Falsehood

We move through so much of life without a witness, I want Emily Brandt to be mine. Falsehood is a collection of everyday interactions and not normal situations that the world likes to call normal. And just when I thought no one was paying attention, here comes Brandt, she’s been absorbing and collecting the unacceptable norms built by the patriarchy all along. The result is Falsehood, a fierce translation and actualization of so many moments we assumed we were alone with. Brandt’s poetry is like a feminist sleeper cell, easing us out of isolation for a laugh before continuing our lifetime sentence of talk therapy and EMDR. Thank the goddess and the witness! —Sini Anderson, Director of The Punk Singer

The Galley Bitch

Wake at 4 to be on time for my first job cutting
squid on the St. Anthony. The gulls in Captree State Park

are furious for fish and gas sheens the surface.
I am inspired by what’s happening. Captain Bill

tells me I'll be pretty when I grow boobs
and hands me an ice-pick. The block of ice weighs

twenty pounds. I'll inspire my people too, show them
how to pull the spines from squid while smoking.

The mates already know this trick. They fidget
in the cabin with coffee and cards, wait for fish.

There's not any question about girls
being strong, about the open bay, about survival

at stake. I'd love to make some food for pay
but here everything’s frozen, everyone drunk.

I hate one mate so I ash his burger. I fall
asleep in the galley and wake:

a blowfish bloats my pocket. I take his revenge lesson with me.

Girl claims her manhood

My three sisters shared the same walls
the same womb, the same wagon

swaying between screams: Walkman. Walkman.
Walkman. Fourth Walkman. Packed
extra batteries thank god, take me home.

I learned to use a blinker, to tailgate,
how to wipe the windshield, smoke out the window,
how to lock doors, how to open.

Purposeful at midnight. A round of shots before vomiting
into a hat took from someone’s head, a stranger,
a bloodpunch and a phonecall, a door
and a quarter tank of gas.

This forged note to the nurse. Swollen
cheeks look like penance, but they’re a concoction.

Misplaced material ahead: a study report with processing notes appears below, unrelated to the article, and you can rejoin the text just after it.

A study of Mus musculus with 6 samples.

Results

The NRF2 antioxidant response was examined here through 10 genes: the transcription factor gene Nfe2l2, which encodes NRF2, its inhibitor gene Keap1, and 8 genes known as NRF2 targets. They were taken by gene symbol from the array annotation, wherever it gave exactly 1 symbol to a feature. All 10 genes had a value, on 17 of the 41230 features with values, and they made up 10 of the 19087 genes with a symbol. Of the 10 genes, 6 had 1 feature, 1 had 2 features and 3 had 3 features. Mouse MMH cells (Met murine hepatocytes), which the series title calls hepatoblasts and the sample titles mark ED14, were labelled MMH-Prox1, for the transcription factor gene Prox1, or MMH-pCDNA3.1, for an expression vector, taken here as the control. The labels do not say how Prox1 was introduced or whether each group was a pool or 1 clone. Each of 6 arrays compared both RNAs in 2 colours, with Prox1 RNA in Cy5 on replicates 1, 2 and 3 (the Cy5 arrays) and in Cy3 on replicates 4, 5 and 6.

There are books about it, an encyclopedia. We ate
honeysuckles after the planes
flew by and sprayed.

I stuffed my bra with socks

I say I want to be her but I know
I want to touch her.

I make myself
a mannequin.

The bee's stinger weaves
through blonde hair, traces map lines:

the way to the trail in the woods where the reeds
went up in flame, and to all the neighborhood pools,

which water is warmest
and which will sting your eyes.

Lunchtime conversation

Put the timer on for thirty minutes
and let’s talk about something else.
The way the keys sound when you press them

but the strings are cut. Pulling
a clump of grass from the yard.
Don’t pull the grass, Dad will yell.

I jumped off the top of the station wagon
and landed in the present moment.
Astrologically I shouldn’t be here.

I should be in a different house with
a different sign. The old astronomers drew
the finest maps that were incorrect at a time

when people killed for ideas, which is now,
I folded a piece of paper over a comb
to make music and it worked. I froze a thread to

a cube of ice and it worked. I tried out math tricks
and they worked. I shoplifted and my skin worked.
I peeled open an orange and the smell came out. I flipped

over the handlebars, got strips of red roadburn
under my breasts and thought I would turn into a boy
and I did. It was easy. Any shirt would hurt

because of systemic friction. Like a tattoo coming off
over years. Every time your skin hits the surface
of the pool, there is rubbing. There are replacements

for what comes off skin but not for skin
itself, undervalued as the largest organ
despite common knowledge of the fact.

Moving the body is one nice thing about life. It’s alarming
how skin separates you from the organs around you.
When I bake bread, the particles all stay in the pan

or so it looks, and so I believe. I simplified an equation
and it worked for a while. The first thought is not always
best, especially at a time when we are dying for thought.

There are different ways of liking football. You who like football
are extremely smart. Either way, it’s nice to watch bodies move,
watch them work, and work ourselves sometimes too.

I have tried to like all bodies and failed. I favor the shape
of the bruise. Let’s go back to talking work.
Let’s talk the work that keeps the bread inside the pan.
Let’s talk the work that keeps all those particles in their pan.

I want to be the kind of man who smokes

with fingers like forktines stabbing at geodes, fruitless.
Down in the valley of discontent, a man

clubs his ball in the hole. A man kicks his ball
in the goal. A man throws his ball in the net.

Slow down the shock so it sounds
like lightning, a wheezing kettle, space heat.

A man runs his ball across the line hits out of the park.
A man bones his ball into the sun and it explodes

in an ecstasy of light. Two men volley
a ball back and forth, a midwinter tale. One man

victorious wears an item on his head, perhaps
a symbol, perhaps for smoke, for mineral light. The caves

are darker than ever before. Luminosity
is fruitless with all these fingers stabbing blindly

at anything dark, anything female. One no longer makes
paint from ground mineral, but buys. He pays cash and pours

the single color over the whole damn town. There is money
to be made, and lack-valleys full of pitch and holes.

How to

The only way left for a girl to be radical in America
is to camp in the woods for decades until she is ready to die

then build her own funeral pyre
surrounded by stones and light it well.

You are the genius of the ash heap and everyone
else in the woods, all of the scavengers, will mourn.